Studies & Numbers

Diet Shift Continues in Austria: Veganism Surges While Meat Consumption Declines

The latest Smart Protein survey on European consumers has revealed a continuing diet shift Austria, where the number of vegans has risen 2%, and over half of Austrians have reduced their meat consumption since 2021.

The study carried out by food awareness NGO ProVeg International, in partnership with Innova Market Insights, the University of Copenhagen, and Ghent University, surveyed 7,500 people in ten countries to compare and analyze the eating habits of Europeans regarding plant-based foods.

In Austria, 750 individuals (50% men and 50% women) making the purchasing decisions in their household provided information on their current shopping habits and attitudes towards plant-based foods.

Following the analysis, the figures show that Austria is leading the way in veganism, with the vegan population rising from 3% to 5% since 2021. Notably, 7% of Gen Z respondents claimed to eat a purely plant-based diet. Germany follows close behind, with 4% of the population identifying as vegans.

veggie bbq grill
© Greenpeace / Mitja Kobal

Meatless diets

Both countries also lead when it comes to meatless diets, with 15% of Austrians and Germans following a vegan, vegetarian, or pescetarian diet. Flexitarian diets are also popular, with 40% of Germans and 37% of Austrians actively reducing their meat intake, while 51% of European meat eaters claim they are actively reducing their annual meat consumption.

29% of the Boomer generation (1946-1964), 27% of Gen X (1965-1980), 28% of millennials (1981-1996), and 26% of Gen Z (1997-2012) recognized themselves as flexitarians.

The study also revealed that meat consumption has fallen significantly since 2013, with figures from the supply balances of Statistics Austria showing that over the last decade, meat consumption in Austria fell from 65.1 kg to 58.6 kg, a drop of 10%, according to the Vegan Society Austria. The motivations for reducing meat consumption include health, animal welfare, and environmental reasons.

© Kern Tec

The survey says that the Austrian plant-based market is booming. A diet shift continues as 32% of respondents consume plant-based milk every week, and from this group, 28% consume plant-based yogurt and 23% plant-based cheese. 34% also said they are willing to buy more alternatives to cow’s milk in the next six months, and 29% more plant-based meat alternatives.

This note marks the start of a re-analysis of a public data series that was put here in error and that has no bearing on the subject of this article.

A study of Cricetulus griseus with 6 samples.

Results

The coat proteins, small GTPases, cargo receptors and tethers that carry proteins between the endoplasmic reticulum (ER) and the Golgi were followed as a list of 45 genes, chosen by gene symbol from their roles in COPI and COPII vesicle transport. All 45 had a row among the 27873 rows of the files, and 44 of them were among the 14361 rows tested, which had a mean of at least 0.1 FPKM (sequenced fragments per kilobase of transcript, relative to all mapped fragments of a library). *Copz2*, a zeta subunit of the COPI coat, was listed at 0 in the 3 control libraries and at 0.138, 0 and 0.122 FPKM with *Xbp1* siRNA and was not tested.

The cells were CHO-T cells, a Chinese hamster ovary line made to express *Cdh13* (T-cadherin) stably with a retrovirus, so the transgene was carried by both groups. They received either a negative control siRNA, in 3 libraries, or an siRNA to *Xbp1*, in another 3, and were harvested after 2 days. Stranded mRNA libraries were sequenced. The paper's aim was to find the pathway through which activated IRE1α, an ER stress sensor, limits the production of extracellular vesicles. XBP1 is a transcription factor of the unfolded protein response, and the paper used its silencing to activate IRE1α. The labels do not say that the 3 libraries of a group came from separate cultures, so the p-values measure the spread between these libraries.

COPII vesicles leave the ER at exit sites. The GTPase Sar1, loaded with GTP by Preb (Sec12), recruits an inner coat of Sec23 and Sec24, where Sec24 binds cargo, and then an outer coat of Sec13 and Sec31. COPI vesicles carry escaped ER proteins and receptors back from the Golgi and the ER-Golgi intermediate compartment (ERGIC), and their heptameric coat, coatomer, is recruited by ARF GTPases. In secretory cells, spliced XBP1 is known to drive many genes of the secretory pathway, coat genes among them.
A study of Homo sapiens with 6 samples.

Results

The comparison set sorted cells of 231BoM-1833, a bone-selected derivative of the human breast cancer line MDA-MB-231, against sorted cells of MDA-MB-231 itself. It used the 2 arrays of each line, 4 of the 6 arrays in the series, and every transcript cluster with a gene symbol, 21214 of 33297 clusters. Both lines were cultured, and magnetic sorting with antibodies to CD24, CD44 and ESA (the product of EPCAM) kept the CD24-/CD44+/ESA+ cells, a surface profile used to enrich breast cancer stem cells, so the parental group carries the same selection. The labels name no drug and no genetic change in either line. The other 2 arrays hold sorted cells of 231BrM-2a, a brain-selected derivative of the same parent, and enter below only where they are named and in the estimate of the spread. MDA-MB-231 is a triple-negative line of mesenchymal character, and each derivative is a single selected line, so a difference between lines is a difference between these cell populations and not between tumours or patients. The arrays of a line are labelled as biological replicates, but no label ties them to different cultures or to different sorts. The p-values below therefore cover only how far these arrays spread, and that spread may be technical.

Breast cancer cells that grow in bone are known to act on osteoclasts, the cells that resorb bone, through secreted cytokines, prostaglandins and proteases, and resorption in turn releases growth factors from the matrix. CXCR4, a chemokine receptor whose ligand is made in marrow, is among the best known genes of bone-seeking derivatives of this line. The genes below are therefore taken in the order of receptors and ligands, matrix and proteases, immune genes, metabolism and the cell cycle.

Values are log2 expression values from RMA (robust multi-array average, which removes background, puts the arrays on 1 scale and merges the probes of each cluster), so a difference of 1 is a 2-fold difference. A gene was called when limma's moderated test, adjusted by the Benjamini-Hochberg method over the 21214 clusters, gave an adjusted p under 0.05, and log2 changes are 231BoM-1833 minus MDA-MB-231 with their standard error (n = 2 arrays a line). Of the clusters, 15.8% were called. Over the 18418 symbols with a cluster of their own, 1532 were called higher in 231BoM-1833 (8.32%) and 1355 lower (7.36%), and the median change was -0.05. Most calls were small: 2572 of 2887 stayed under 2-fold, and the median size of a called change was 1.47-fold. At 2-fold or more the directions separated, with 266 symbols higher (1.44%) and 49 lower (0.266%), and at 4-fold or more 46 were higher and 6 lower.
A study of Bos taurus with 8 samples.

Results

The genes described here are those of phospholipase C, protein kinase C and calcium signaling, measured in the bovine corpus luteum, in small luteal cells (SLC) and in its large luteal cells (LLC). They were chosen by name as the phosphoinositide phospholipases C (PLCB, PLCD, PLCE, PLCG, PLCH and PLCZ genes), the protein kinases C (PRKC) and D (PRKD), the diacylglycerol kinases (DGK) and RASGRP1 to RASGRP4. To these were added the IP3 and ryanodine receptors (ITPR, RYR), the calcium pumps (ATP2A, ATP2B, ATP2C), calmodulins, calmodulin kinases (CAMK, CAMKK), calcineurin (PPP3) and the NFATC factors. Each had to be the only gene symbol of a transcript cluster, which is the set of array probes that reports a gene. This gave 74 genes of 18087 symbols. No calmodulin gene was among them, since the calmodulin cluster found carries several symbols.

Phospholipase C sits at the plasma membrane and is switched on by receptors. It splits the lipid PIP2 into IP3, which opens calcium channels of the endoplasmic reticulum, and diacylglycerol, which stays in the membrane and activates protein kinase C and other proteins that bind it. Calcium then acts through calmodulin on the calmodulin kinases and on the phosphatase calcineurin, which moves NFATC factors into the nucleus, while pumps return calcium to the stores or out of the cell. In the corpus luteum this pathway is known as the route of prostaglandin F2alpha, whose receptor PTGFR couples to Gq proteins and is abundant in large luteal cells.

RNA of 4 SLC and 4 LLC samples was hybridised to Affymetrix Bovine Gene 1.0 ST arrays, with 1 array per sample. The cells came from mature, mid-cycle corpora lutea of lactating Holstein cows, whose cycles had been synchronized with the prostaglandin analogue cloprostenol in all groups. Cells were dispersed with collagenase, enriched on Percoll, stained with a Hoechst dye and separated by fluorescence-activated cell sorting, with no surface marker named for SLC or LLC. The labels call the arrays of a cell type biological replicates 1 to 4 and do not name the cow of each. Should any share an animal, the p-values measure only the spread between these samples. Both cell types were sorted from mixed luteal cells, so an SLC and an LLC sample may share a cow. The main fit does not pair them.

Challenges in plant-based consumption

However, the study also found that the main obstacle to purchasing these alternatives is price, with 38% of Austrian surveyees stating they find plant-based products too expensive.

“As a vegan society, we have long been calling for an end to the tax discrimination against plant-based milk, which in Austria is subject to a tax rate of 20%, twice as high as cow’s milk,” commented the Vegan Society Austria.

BILLA Austria, which offers 4,000 plant-based products, recently announced a discount on its vegan brand Vegavita to reach price-parity (or even cheaper) with the correspondent animal products, following a trend encouraging a protein transition by European retailers. Additionally, BILLA has opened a new superstore featuring an area called “PFLANZILLA Welt” (PFLANZILLA World),  dedicated entirely to plant-based products, and has announced plans to open 20 more.

European perspective

In Europe, the plant-based food market is growing, and confidence in meat-free alternatives is increasing, according to the study. Over half of Europeans surveyed recognize the health and environmental benefits of plant-based foods, and 46% stated trust in plant-based products (the higher number in the last two years). It is worth noting that figures from GFI indicate that sales of plant-based foods are skyrocketing in Europe, increasing by 6% last year and 22% since 2020. The market is now believed to be worth €5.8 billion.

“The first Smart Protein Report from 2021 already showed the enormous potential for a reduction in meat consumption due to the growing number of flexitarians in Europe. This trend is also reflected in the current report: the omnivorous diet is becoming increasingly unpopular,” shared the Vegan Society Austria.